Although continued involvement of parents in treatment management is associated with better health and psychosocial outcomes in youth with type 1 diabetes [2
], researchers and providers acknowledge that the level and type of parental involvement will change with the child’s developmental stage. The American Diabetes Association makes specific recommendations for the transfer of responsibility for treatment management, noting that school-age children (ages 8–11 years) can begin to assume more tasks, such as insulin injections/boluses and blood glucose monitoring, but they continue to need significant assistance and supervision when making management decisions. Adolescents (ages 12 years and older) are able to perform most of the tasks of diabetes management on their own, but they still need help with decision making regarding insulin adjustments [3
]. As children reach adolescence, this ongoing need for parental involvement may conflict with the developmental task of increasing autonomy. But several studies have found that when parents give up responsibility for treatment management too early, adolescents have poorer adherence and deteriorating glycemic control [2
]. These problems with adherence may result from youth taking on responsibility for diabetes management when they do not have the maturity to handle it [5
]. Therefore, parents and other caregivers are encouraged to maintain continued involvement in treatment management throughout adolescence, and to transfer responsibility to adolescents when they demonstrate success in managing diabetes tasks. It is also important to consider that not all involvement is beneficial; over-involvement or intrusive parenting may have a negative impact on adolescents’ adaptation [6•
More recently, researchers have begun to examine the types of parental involvement that are most helpful, particularly for adolescents, who are more likely to resist involvement. For example, parental involvement that is perceived as intrusive or “nagging” may result in adolescents becoming resistant, defiant, and noncompliant, or depressed and withdrawn [7
]. In fact, a recent multinational study found that adolescent perceptions of parents as overly involved in diabetes care were a stronger predictor of poor glycemic control than age, gender, or insulin treatment regimen [8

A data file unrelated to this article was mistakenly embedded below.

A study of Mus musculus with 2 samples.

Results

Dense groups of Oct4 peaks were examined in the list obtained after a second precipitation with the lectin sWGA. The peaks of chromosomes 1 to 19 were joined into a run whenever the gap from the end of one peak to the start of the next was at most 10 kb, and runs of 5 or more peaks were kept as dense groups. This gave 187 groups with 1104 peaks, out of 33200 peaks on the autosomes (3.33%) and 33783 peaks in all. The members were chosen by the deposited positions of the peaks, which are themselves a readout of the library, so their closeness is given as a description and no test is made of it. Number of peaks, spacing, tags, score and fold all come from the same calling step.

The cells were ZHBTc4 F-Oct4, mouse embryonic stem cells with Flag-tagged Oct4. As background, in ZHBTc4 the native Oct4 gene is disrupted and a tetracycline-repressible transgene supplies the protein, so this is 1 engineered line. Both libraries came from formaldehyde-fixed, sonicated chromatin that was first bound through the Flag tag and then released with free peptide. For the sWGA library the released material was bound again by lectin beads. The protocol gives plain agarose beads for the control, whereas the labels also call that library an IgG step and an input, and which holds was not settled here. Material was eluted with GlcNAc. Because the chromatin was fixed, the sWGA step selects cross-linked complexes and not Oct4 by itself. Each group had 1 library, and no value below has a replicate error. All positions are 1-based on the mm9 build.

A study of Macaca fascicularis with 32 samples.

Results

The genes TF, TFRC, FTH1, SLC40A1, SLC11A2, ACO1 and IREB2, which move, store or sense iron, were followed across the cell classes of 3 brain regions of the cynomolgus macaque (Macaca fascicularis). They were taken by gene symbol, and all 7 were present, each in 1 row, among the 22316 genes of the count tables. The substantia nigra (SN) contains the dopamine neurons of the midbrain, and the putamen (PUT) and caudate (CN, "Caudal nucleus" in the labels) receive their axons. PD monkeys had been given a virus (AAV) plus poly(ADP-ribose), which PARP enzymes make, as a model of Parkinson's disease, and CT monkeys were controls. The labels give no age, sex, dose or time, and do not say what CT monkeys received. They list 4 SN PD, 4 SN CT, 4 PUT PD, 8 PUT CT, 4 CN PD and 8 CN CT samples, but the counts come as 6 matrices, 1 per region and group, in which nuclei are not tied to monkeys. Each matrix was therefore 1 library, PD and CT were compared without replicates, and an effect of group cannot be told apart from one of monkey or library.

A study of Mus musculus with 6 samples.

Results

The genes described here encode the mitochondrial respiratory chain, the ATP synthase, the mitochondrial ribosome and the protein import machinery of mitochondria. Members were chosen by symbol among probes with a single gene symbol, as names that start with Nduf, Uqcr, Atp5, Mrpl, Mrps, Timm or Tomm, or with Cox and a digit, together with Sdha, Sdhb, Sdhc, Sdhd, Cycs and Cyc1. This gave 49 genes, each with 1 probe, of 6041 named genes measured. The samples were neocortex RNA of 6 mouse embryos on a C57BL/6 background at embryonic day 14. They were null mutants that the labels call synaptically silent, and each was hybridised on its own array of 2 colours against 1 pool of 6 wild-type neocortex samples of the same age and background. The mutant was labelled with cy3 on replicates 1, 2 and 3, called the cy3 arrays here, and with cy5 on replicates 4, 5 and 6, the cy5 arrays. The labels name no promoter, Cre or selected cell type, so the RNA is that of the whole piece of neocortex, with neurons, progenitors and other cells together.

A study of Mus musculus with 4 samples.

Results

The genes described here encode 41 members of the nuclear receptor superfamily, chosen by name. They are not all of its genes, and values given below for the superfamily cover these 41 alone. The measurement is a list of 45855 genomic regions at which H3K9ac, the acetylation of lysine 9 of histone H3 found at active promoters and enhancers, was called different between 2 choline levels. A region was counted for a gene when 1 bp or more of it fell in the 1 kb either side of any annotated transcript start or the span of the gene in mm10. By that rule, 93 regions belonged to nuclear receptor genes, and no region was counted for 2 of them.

]. Conversely, adolescents who perceive their mothers as uninvolved in diabetes treatment also have poorer adherence and lower quality of life [9
]. Parental involvement that is perceived as collaborative has been associated with the best outcomes, including better glycemic control and quality of life and fewer depressive symptoms [9
]. Taken together, these findings suggest that the goal is to encourage communication and collaboration between adolescents and their parents around treatment management.
Investigators have also begun to investigate the effects of parental monitoring as a specific type of parental involvement [10
]. Higher levels of parental monitoring, or knowledge of the child’s diabetes-specific behavior (eg, how often a child checks his/her blood sugar, how often a child skips an insulin shot or bolus), have been linked with better adherence and glycemic control [10
]. It is important to note, however, that the child’s willingness to share information (ie, disclosure) allows for increased parental monitoring. For example, if a child is having problems with treatment management, he/she may avoid talking about it or misrepresent information related to diabetes management. Conversely, if the child perceives the parent as warm and accepting, he/she may be more likely to disclose information about diabetes care [12
]. Ways to promote disclosure and increase parental monitoring, therefore, may be the target of future research and interventions.
Although the majority of studies on parental involvement have focused on mothers’ role as the primary caregiver, researchers have begun to examine the unique role that fathers play in diabetes management. Research suggests that when fathers are highly involved in care for chronically ill children, the decline in treatment adherence typically seen during adolescence no longer occurs [13
]. For example, one study found that fathers’ (but not mothers’) monitoring of diabetes tasks was directly related to glycemic control in adolescents [12
]. The effect of paternal monitoring on glycemic control appears to be mediated by improved adherence [11•
]. It is possible that fathers are not asked to step in and help mothers with diabetes treatment management until glycemic control begins to deteriorate. Further, paternal involvement in treatment management has been associated with better quality of life in adolescents (age 14 years and older), but not in younger children [13
]. There appears to be a distinct, important impact of paternal involvement in diabetes management. However, observational data indicate that fathers of adolescents with diabetes may be less energetic and responsive toward their children than fathers of adolescents without diabetes [14
], suggesting fathers may need encouragement to become actively involved before problems arise.